Selective Hearing

Sometimes it comes in handy!


“George,” she called sternly. “Will you come here for a minute?”

I was sweeping the front porch when I heard her.

“Just look at this mess! There are old pots and seed trays everywhere. Instead of adding to this eyesore each year, why don’t you just, once and for all, throw it in the garbage can? You’ll never use these pots again. Honestly, it looks like a hellhole! Next thing you know, it’ll be attracting snakes.”

“No one can see it. It’s behind the shed,” I countered. “Besides, you never know when you’re going to need a spare pot.”

“Please, once and for all, will you throw it all out with the trash?”

“George, just look at this mess! There are old pots and seed trays everywhere.”

“I’ll see what I can do.”

It’s true. I’m not the neatest person alive. Each year, after I remove all the annuals from their pots and trays, I simply dump them behind the shed. When we planted our perennial garden, I practically doubled the number of large pots there.

Carole and I tangle about the eyesore behind the shed each Spring when I surreptitiously add more pots to the pile. You can’t see it unless you go behind the shed. This falls into the “out-of-sight-out-of-mind” category in my opinion. Besides, you never know when you’ll need just the right-sized pot.

Last past Spring was as hectic as ever. Carole and I divide the gardening chores, as usual. I mow the lawns weekly, sometimes bi-weekly if it’s cool and damp—you know how fast grass grows in the Springtime.

The planters that will contain the annuals—mostly dwarf marigolds and blushing petunias—have to be cleared of last year’s dead stems and Autumn leaves. One year, I never got around to that chore until Memorial Day. The marigolds and petunias, surprisingly, couldn’t wait! Both had already reseeded themselves. That saved me time and money—I don’t know about you, but I appreciate volunteers.

I also have the task of sowing the vegetable and herb seeds indoors, tending the seedlings, hardening them off, and later planting them outside.

Carole, on the other hand, tends the perennial garden. She also purchases the geraniums and plants them along the front porch—12 plants on each side of the walkway. Carole has a flair for color combinations and selects young plants whose blooms support flashy shades of purple, pink, and red.

In addition to the geraniums, Carole selects the hanging baskets that will adorn our outdoor porch. They always perform splendidly because she fusses over them all Summer.

One Saturday morning in early May, while I was mowing the lawn, Carole drove to our favorite garden center, which advertised an early-bird special on geraniums. There were literally hundreds to choose from—from ordinary reds to exotic speckled and striped ones! She selected 24, paid the cashier, then drove home. I had just finished mowing the lawns.

“Carole, isn’t it a bit early to be planting geraniums?”

“I checked the long-range weather forecast for our area on the computer. Nighttime lows are not expected to dip below 42 degrees, so let’s get these planted!”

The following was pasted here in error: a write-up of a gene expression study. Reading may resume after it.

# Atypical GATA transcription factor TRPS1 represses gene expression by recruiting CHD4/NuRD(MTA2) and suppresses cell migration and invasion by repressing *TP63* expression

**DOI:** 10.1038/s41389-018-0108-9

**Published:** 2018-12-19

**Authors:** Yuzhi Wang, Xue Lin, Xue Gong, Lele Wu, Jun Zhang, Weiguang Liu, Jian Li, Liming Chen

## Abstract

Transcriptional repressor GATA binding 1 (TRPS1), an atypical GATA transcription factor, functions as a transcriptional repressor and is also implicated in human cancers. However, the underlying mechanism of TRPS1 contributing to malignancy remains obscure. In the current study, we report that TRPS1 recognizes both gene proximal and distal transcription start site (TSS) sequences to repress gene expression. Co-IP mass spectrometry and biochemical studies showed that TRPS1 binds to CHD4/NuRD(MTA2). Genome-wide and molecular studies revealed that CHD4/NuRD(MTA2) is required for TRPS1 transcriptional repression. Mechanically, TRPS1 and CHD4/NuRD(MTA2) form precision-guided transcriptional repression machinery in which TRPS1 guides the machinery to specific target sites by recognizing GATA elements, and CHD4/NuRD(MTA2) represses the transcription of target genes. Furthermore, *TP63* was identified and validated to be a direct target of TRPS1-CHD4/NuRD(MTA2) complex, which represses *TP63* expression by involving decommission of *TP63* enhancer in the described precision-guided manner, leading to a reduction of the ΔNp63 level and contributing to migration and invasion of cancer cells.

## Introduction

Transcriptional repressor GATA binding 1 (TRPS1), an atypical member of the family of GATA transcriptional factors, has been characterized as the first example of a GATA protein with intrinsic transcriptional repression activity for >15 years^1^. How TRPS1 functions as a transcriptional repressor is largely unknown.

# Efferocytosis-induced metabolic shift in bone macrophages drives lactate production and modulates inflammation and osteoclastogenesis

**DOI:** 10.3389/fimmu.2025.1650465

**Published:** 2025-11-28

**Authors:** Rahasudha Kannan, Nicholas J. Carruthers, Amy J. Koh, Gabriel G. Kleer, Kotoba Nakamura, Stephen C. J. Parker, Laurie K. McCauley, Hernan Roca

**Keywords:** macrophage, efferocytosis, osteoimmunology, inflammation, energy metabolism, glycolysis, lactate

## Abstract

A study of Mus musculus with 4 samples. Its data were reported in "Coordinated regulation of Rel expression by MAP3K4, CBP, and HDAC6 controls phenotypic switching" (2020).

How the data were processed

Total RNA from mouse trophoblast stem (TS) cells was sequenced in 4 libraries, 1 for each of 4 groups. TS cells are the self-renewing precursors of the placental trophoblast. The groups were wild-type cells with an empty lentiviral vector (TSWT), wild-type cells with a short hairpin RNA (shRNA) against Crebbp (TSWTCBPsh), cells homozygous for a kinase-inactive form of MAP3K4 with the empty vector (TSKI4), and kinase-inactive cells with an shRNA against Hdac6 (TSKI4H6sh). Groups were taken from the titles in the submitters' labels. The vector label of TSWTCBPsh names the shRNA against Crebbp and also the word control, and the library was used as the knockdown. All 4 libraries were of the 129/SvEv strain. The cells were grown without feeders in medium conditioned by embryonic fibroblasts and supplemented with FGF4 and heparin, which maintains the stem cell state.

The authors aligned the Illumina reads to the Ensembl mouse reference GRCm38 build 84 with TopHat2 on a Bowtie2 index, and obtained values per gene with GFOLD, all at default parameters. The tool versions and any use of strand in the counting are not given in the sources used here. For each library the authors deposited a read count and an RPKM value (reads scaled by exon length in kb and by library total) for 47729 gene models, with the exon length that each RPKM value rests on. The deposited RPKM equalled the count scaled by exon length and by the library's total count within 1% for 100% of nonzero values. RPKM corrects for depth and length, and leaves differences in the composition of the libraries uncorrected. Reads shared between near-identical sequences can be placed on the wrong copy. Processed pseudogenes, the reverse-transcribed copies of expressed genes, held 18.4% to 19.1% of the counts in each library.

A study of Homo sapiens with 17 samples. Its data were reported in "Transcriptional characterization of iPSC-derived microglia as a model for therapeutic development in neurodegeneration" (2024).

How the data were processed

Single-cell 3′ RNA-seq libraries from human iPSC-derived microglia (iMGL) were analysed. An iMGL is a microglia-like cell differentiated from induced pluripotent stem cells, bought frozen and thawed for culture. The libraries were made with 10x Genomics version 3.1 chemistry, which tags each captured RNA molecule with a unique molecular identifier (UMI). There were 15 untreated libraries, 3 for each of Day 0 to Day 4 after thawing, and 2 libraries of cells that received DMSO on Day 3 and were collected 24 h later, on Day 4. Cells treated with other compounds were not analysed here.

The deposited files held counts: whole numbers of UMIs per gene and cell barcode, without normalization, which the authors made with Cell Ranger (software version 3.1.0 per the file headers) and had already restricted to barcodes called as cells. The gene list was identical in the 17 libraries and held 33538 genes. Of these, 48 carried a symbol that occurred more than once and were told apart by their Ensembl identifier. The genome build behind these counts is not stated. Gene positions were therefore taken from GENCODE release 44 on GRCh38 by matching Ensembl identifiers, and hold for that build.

Carole dug up the area for the geraniums and raked it level. Then, one by one, she removed the plants from their pots, dug a sizable hole for each geranium, planted, fertilized and watered them well.

“Please throw these pots in the garbage for me,” Carole requested.

I collected the empty pots and, unbeknownst to her, stacked them behind the shed. After all, you never know when you’ll need 4-inch geranium pots.

Five days later, I spent the evening at the local hospital visiting a sick friend. Dusk had fallen as I started my drive home. On our dark, winding country roads you must be alert for deer, bears, wild turkeys, racoons, and other wildlife that might scamper onto the road in front of you with nearly no notice.

Luckily, I have never hit a deer even though most of my friends have. Of course, if I hit the deer that ate my yellow squash plants last year, I probably wouldn’t have cared in the least.

As I pulled into the driveway, I noticed a light flashing behind the shed.

“George, come help me!” Carole shouted.

At first, I was alarmed that something dreadful had happened. Did she encounter a snake? Then I thought that perhaps she was just so disgusted waiting for me to clean up the clutter behind the shed that she was doing it herself. But in the dark? It wouldn’t be unlike her.

I rushed over—and there she was, holding a flashlight and rummaging through the pile of pots.

“What on earth are you doing?” I asked, totally perplexed.

“George, I just turned on the radio, and the announcer said there’s a frost warning tonight for our area! Help me find 24 pots to cover the geraniums.”

We rummaged through the “hellhole” and found 24 good-sized pots, many that our perennials had once grown in. Then, by the light from the porch, and with me directing the flashlight, Carole covered each one of her “babies.”

“About that eyesore behind the shed,” Carole remarked, “you never know when you’ll need a pot—or two dozen! Thanks for not listening to me.”

“It’s called selective hearing, dear,” I said.

“What’s that?” Carole joked, “I’m not sure I heard you!”

We kissed and walked inside.

  • Sheelagh M.

    Ah lovely story, co-gardening really teaches the art of patience and compromise!